I read this interesting article today about a brain scientist who suffered a stroke and lived to tell about it. There is an 18-minute video of her presenting on her experience I found very fascinating. For a minute toward the end I thought it was getting a little froofy for my taste, but then I realized it wasn’t really, and I should cut her some slack for being so, well, right-brained about it all. We live in a very left-brained world. I recommend you take a look.
I had some theological wonderings about the experience and wished I had the focus and time to write her a letter and talk about the idea of the doctrine of the restored gospel–that spiritual mastery over the physical self (and not just extinguishing or denying the physical self) is the most powerful form of existence. Rather than discounting the value of the left-brain, we can make that amazing analytical function serve the the creative, unifying focus of the right brain. So, I don’t necessarily agree wholeheartedly with her conclusions, but found the whole discussion highly engaging.
And yes, I can very much see how silencing the left-brain “chatter” would bring nirvana. I find my brain-chatter highly annoying and counter productive.
Well, I’ve been in the dirt a lot. My blisters pop and reblister.
I learned the difference between a weed and a tiny potato plant coming up–the hard way of course. There are minute tops of chard and carrots peeking out. I’m hand-shoveling about 1500 sq. feet of new garden in the pasture, because the tractor guy is too busy and I need to break up the sod before we can till (and I have many tall tomato seedlings ready to go in now). I have three weeks before all the planting needs to be done, and I’m on a tight schedule to get soil shoveled, tilled, raked and ammended and seeds/plants planted.
I think I have the wrong ratios in my compost tumbler, so I’m adding more dirt and grass (plenty getting shoveled up in the pasture!) It is theoretically supposed to be done, but really it is just icky. I also found out the grass a friend lent me that I put in there had been chemically treated. Yuck. That could affect the bacteria doing their composting work. I may just start over. Mom gave me the give of 5 big bags of compost, so that is a comfort.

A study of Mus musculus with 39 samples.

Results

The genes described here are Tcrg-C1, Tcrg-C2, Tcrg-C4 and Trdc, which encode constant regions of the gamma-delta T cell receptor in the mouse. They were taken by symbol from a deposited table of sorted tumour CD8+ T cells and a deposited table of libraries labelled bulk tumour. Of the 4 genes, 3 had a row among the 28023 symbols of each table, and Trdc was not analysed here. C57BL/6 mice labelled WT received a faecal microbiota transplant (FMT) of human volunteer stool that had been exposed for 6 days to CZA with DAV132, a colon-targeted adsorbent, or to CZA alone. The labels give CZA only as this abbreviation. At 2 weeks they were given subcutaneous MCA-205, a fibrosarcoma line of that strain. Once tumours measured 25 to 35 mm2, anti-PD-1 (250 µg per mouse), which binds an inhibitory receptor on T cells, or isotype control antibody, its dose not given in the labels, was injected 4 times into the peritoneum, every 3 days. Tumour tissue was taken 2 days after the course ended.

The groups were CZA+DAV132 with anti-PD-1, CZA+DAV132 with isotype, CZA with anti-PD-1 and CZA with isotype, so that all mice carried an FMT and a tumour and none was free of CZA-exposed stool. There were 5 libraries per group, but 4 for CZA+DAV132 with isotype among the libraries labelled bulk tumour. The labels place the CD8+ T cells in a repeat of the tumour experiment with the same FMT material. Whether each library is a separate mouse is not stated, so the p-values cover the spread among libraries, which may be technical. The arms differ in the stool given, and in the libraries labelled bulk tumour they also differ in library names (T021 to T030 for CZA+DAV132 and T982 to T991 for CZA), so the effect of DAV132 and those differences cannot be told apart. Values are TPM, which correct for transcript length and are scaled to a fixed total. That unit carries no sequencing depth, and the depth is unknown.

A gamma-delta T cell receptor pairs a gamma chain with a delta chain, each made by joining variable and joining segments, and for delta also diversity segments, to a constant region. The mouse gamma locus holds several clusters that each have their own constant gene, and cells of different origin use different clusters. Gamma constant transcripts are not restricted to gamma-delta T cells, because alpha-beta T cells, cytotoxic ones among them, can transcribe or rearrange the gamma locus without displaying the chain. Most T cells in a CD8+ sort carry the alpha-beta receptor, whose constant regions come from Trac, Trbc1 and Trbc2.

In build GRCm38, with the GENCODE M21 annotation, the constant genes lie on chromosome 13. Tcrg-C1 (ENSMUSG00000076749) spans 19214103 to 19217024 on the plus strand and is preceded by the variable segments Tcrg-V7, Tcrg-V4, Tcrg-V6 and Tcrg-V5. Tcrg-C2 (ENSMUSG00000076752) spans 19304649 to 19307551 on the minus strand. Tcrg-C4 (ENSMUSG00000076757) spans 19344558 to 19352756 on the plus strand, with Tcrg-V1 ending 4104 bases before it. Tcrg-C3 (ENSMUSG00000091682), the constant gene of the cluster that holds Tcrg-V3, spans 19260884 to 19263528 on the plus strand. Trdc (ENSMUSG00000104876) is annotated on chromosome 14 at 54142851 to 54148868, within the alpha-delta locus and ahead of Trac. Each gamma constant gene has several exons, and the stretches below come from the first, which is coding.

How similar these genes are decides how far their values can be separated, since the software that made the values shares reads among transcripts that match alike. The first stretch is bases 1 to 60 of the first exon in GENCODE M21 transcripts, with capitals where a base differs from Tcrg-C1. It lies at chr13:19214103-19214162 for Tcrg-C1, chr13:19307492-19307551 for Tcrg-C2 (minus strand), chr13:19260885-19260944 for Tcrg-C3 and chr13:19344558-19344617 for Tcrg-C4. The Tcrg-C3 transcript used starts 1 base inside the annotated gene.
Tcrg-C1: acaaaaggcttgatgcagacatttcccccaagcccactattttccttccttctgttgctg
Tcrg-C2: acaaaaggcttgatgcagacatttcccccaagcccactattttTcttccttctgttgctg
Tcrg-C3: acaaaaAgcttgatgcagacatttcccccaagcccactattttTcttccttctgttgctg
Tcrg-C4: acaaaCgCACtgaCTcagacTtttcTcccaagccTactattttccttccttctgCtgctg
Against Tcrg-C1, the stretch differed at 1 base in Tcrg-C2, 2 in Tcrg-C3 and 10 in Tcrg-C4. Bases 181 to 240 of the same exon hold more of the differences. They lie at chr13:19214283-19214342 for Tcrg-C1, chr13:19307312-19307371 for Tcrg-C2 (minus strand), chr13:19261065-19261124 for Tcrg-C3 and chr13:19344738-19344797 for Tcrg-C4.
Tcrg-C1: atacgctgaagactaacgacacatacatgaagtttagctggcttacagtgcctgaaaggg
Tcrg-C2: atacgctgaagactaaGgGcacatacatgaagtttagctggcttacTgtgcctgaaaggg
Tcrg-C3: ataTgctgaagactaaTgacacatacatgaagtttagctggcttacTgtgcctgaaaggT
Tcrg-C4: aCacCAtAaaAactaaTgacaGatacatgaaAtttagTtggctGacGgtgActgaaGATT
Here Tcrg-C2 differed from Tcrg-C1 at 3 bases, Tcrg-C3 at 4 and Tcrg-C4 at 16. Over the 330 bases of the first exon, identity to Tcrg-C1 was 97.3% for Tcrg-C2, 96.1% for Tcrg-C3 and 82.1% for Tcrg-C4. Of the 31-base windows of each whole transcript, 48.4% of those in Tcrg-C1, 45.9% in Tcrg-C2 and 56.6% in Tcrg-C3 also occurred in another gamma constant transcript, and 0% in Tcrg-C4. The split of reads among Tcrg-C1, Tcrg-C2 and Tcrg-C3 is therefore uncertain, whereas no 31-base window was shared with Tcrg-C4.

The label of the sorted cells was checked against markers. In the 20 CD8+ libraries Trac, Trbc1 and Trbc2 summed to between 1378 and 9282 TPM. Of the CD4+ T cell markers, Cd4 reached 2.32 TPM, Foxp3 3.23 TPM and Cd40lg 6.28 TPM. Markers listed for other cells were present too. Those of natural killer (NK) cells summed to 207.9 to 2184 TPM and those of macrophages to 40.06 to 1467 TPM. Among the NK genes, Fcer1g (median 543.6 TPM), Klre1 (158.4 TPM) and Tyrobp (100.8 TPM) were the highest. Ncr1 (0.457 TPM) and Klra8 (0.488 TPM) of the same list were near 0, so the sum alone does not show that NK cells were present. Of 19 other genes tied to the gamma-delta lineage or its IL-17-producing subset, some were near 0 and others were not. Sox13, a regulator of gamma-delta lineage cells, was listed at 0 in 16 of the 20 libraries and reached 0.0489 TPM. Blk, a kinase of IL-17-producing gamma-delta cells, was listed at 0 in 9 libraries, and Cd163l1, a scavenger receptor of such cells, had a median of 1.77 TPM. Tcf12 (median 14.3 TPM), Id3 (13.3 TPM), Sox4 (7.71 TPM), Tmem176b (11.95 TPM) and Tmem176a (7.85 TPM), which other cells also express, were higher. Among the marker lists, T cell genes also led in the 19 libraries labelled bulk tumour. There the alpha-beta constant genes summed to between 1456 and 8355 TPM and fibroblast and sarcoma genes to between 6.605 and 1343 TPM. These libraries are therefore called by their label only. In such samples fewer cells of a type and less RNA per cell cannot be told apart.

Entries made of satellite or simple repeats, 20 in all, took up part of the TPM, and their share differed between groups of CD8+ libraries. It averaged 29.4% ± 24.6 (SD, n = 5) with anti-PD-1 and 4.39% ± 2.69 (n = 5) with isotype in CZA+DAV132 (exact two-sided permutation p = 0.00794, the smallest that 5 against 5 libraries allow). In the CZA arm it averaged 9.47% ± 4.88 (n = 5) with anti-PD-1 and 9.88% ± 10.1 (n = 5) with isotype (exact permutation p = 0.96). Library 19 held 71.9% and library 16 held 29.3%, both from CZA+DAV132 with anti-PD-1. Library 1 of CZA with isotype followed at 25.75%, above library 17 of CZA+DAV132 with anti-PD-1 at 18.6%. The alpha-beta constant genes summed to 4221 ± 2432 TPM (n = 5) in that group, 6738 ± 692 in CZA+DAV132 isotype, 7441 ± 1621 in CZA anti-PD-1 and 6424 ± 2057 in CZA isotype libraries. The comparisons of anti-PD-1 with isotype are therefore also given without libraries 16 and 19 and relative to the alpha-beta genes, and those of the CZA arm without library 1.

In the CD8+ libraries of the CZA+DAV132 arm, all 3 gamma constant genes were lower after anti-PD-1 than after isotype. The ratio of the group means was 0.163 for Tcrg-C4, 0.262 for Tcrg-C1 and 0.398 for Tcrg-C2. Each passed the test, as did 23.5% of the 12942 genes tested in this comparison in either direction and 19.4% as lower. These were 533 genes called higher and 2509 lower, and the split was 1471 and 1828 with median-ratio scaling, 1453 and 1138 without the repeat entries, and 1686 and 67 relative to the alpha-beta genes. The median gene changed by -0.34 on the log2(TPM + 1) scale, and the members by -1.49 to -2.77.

Chickens are so fun! At night I just go into the yard and clap my hands while yelling–“Go to bed! Go to bed!” and they all run in the shed. They have been getting out and going all over the yard–every hour or two we have had to go put them back in. This is due in part to our temporary (shoddy) fencing in the transition space, which I finally fixed up yesterday. But still, chickens everywhere.
Then I realized in the past three days the little ones had learned to “fly” over the fence (the littler the chicken, the higher they can fly–a word used loosely for a chicken). So, Sophie said she saw it this morning and I quit cursing my poor fence mending and went in there with a pair of kitchen shears and cut off half the wing feathers on the right side of every hen (just as the books said to–doesn’t hurt, just like clipping your nails–see pictures), and I’ll be darned if I didn’t have 100% reduction in loose birds today. Everyone happy and confined. Control is such a great thing (although in general, a sense of control over one’s life is such a delusion).
The chickens are also getting super fat, fast, especially the fryers–we’ve only had them a week and it is very noticable. We had lots of rain and everything’s green and pretty. We had a fun Memorial day with the Mocks, the Mosses, and maw/paw-in-law over for a BBQ.
I keep committing to updating daily, even if it is short. But I also commit to restarting the diet each morning. They are going equally well. I’m not good at keeping commitments to myself.